CEC Theses and Dissertations


2011

Document Type

Dissertation - NSU Access Only

Degree Name

Doctor of Philosophy in Information Systems (DISS)

Department

Graduate School of Computer and Information Sciences

Advisor

Yair Levy

Committee Member

Timothy J Ellis

Committee Member

Michael Reid

Abstract

Organizations invest in technology to help achieve strategic goals and to disseminate knowledge in order to enhance employee productivity. This study draws upon social cognitive theory as the theoretical basis for an explanation of the limited acceptance of information systems (IS), which undermines organizations' efforts to achieve greater productivity. This empirical study investigated the use of IS in the workplace by examining the antecedents of computer self-efficacy (CSE). Among such antecedents, this study examined the effect on CSE of employees' knowledge sharing, including collegial and technical support, and encouragement by others such as top management, supervisors, and peers to share knowledge. Additionally, it assessed the differences that the control variable, use of social networking tools (SNT), has on CSE and use of IS in the workplace. This research explored the use of SNT as a way individuals share knowledge and encourage computer abilities in the workplace.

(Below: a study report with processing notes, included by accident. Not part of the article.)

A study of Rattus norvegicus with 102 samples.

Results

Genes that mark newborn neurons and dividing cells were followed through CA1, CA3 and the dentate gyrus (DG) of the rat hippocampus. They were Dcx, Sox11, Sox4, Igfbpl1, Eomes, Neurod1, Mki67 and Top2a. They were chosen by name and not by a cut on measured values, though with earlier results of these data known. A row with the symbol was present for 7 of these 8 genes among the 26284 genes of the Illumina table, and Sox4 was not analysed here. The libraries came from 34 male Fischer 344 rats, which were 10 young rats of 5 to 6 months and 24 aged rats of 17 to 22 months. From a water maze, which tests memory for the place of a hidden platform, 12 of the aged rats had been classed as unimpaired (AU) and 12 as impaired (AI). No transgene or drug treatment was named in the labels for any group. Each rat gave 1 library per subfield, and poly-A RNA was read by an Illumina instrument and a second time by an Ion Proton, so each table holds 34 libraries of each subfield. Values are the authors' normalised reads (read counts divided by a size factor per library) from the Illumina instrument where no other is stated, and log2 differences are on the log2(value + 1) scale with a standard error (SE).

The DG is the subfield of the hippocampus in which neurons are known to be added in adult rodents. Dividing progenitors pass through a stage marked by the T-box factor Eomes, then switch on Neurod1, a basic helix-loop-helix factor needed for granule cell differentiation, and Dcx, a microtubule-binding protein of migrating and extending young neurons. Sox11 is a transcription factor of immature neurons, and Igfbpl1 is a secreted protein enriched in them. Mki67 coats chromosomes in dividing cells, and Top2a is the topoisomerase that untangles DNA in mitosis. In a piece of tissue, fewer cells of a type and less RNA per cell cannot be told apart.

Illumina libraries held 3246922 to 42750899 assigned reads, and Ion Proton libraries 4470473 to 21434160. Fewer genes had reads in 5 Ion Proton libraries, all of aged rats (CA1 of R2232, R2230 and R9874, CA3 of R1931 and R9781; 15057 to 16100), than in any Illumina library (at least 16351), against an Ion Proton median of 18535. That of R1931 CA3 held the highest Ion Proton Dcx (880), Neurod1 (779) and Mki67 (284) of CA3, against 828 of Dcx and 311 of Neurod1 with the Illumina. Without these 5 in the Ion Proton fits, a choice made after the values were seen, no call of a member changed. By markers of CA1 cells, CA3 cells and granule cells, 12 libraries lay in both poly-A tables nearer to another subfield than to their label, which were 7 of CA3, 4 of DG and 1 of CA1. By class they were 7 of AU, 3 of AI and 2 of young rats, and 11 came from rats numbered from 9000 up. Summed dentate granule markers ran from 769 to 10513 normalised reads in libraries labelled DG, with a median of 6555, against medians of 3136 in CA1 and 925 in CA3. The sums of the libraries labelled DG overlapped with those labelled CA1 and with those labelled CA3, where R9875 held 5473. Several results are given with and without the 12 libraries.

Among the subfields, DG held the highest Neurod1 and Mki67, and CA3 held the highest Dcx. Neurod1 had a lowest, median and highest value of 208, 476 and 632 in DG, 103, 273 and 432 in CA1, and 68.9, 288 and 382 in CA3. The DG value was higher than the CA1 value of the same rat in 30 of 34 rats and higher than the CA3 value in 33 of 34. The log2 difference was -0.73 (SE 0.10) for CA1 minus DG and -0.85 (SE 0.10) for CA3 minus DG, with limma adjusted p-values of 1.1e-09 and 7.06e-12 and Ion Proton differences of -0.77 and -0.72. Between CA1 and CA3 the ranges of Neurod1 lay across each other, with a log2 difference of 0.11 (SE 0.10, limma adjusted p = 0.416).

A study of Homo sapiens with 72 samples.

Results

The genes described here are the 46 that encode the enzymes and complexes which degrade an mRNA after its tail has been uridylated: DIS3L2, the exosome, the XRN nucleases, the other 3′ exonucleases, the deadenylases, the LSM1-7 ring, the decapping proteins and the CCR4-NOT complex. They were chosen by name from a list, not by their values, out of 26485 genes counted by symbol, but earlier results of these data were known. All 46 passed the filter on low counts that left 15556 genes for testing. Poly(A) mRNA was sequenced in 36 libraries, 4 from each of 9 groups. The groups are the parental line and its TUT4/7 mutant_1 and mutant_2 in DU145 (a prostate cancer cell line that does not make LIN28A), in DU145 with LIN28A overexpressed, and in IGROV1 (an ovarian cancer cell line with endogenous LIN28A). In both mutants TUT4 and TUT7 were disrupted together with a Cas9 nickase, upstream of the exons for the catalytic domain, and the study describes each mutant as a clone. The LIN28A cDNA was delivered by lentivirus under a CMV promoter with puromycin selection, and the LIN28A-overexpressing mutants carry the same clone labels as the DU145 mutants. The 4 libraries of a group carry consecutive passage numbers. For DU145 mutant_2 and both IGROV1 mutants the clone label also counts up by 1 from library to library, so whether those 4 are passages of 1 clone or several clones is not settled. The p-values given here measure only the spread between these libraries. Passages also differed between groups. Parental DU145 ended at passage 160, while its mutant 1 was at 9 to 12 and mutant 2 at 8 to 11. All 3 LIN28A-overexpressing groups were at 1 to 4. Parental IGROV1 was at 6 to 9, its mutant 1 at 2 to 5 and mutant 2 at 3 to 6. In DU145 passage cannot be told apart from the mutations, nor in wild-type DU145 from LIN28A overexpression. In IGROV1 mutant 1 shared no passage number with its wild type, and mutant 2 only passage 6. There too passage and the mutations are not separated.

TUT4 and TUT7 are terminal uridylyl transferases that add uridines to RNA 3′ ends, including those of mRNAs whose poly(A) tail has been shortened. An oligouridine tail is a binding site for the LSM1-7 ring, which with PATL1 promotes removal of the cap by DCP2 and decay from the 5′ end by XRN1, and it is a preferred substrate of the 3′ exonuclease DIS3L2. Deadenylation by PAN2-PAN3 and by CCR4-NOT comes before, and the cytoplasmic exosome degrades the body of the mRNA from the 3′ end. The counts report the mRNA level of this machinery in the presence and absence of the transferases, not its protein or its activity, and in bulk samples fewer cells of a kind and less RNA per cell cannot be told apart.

This causal modeling study investigated the human-assisted CSE dimension, which focuses on one's ability to use IS resulting from the support of another individual. This study solicited 755 participants from five different organizations, with 256 responses (33.9% response rate). The Cronbach Alpha analysis results showed that all constructs were highly reliable. The structural equation model analysis showed that some, but not all, of the hypotheses were supported in this model.

This study provided evidence of how the antecedents, knowledge sharing and encouragement by others, affected the constructs of CSE and the use of IS in the workplace. Important contributions of this study include not only the conceptual model itself but also the implication that encouragement by top management, supervisors, and colleagues plays an important part in knowledge-sharing behaviors. Additionally, the study makes a theoretical contribution to the growing body of research on SNT as a way to share knowledge. This study revealed that use of SNT had no significant effect on the constructs measured.